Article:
By: Sam Quintana
As I was waiting to board my plane to Tel Aviv, I noticed a few dozen Orthodox Jewish men wearing black hats, sporting long beards and peyos, all davening in the Heathrow terminal and facing Jerusalem. In this moment, the words from Tawonga’s closing campfires spoken by our Camp Director, Becca Meyer, echoed in my head: “At Camp Tawonga, we don’t just tolerate differences – we celebrate them.”
Tawonga is a place where kids learn to work together to form a cooperative community, valuing and cherishing each of their bunkmates’ unique backgrounds, perspectives and personalities. Our hope is that they take those feelings of welcoming inclusion and broader insight home with them after the session ends, open to meeting new people and to gaining new experiences.
Enter the Israeli delegation of Tawonga staff members. Each year, through our collaboration with The Jewish Agency for Israel, a group of around 10 Israelis come to Camp Tawonga to work as counselors and specialists, providing intentional and age-appropriate programming on Israel, and forming authentic and personal connections with their campers. This cross-cultural experience is a unique and invaluable way to help foster connections across what we refer to as our global Jewish family. Through these interactions, campers are exposed to a land and community they may have only heard about before, but can now connect to on a deeper, personal level through shared experiences with their “super cool” Israeli counselor.
I had the immense pleasure of traveling to Israel last month to meet and orient our 2017 summer shlichim, or emissaries, along with dozens of camp directors from all over North America. I was instantly blown away by this group’s enthusiasm, excitement and positive attitude. They are all STOKED to come to Camp, to step out of their comfort zone and to impact the lives of children.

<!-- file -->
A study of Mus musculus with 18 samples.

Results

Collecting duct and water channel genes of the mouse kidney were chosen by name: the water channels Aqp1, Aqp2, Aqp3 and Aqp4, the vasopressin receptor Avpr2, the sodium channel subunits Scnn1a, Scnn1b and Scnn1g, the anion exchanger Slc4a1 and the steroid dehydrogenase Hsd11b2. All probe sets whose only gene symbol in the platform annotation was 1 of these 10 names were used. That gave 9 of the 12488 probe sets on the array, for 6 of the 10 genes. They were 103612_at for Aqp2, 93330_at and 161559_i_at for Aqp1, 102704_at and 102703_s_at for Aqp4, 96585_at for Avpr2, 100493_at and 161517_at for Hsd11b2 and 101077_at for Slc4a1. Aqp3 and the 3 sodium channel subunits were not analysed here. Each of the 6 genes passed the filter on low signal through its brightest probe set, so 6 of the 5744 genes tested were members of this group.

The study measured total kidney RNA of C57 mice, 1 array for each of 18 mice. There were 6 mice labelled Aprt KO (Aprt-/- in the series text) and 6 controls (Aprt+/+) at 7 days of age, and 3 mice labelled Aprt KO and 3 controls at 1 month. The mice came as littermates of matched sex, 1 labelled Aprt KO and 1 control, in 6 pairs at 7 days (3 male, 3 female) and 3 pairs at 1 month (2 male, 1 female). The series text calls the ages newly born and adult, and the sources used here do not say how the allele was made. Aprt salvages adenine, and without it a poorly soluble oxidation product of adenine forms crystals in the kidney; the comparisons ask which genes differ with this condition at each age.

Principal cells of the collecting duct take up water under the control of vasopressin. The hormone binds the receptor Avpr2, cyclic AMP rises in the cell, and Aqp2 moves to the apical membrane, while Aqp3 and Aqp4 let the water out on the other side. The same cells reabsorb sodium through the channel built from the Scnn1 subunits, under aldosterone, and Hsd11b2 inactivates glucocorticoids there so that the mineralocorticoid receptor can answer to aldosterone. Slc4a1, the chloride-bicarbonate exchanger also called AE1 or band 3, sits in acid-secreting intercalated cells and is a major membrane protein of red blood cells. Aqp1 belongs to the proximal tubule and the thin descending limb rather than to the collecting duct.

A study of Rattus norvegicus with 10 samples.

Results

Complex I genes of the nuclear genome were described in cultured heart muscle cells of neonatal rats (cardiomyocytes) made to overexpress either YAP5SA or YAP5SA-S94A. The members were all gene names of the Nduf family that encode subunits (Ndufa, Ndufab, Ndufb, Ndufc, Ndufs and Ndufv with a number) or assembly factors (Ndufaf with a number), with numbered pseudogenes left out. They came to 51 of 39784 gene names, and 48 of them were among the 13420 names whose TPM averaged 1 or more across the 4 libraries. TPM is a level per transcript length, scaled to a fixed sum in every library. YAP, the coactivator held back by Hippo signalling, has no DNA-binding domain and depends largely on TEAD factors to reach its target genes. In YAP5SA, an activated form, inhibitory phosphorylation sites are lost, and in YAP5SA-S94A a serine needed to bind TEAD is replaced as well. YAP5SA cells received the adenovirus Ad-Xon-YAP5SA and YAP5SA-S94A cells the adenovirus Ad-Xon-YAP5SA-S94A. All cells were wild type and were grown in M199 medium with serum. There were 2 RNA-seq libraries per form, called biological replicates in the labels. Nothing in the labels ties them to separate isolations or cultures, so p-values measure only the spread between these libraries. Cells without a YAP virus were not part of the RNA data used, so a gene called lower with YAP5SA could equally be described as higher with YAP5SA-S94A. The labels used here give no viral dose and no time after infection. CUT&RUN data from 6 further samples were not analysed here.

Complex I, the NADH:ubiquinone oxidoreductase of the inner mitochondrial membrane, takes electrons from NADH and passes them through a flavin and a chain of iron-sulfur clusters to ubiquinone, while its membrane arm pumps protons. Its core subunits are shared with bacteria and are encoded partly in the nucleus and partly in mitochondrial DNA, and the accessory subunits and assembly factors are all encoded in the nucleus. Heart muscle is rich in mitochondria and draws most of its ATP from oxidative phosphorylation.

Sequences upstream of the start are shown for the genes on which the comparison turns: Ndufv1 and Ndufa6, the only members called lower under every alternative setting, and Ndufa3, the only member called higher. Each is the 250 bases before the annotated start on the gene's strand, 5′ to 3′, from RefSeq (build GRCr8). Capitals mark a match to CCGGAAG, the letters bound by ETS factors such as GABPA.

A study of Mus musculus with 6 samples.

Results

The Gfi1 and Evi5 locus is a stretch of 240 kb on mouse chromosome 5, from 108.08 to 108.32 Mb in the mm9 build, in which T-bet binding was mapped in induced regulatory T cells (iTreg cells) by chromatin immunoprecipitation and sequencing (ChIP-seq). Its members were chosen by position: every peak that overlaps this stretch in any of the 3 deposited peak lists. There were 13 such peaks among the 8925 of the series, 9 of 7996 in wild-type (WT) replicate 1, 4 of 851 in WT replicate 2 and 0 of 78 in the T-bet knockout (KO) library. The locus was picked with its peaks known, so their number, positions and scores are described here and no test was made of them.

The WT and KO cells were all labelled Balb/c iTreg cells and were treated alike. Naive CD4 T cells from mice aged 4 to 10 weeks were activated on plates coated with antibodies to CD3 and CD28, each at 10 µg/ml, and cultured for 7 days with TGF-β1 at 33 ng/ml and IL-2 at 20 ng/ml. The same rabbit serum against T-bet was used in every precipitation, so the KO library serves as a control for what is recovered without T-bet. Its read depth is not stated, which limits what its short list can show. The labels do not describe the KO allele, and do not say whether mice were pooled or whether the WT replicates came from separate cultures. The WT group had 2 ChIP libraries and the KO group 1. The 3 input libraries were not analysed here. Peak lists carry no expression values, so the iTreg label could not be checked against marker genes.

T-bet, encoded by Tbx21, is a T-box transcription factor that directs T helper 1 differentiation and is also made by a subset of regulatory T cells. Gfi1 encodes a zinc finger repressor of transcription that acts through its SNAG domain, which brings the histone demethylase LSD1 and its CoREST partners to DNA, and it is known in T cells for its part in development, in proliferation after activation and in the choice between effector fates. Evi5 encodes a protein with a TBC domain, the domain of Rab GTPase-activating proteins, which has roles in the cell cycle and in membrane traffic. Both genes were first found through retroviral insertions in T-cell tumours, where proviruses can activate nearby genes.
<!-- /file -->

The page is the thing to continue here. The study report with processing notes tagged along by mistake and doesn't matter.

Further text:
Two of the Israelis in the group were, in fact, campers at Tawonga when they were teenagers and spoke longingly about the experience they had when they were kids at Camp. They can’t wait to give back to the community. During our closing session, one former Israeli Tawonga camper and schlichim member, Noam Raychental, was brought to tears sharing how incredible this community is and how great an impact they’ll have on their campers. Moments later, Noam and I realized that we have been friends since we were Counselors-In-Training in 2007, 10 years ago.
How special it is that at Camp Tawonga, we don’t just tolerate differences, but celebrate them! Where individuals can come to Camp from the other side of the world and open up minds and hearts to people and places we would never have known without their presence. Where building community happens on the bunk, unit, camp and global level – and where the connections made last a lifetime.
For more on Tawonga’s dedicated and diverse summer staff, read this international staff spotlight from last summer.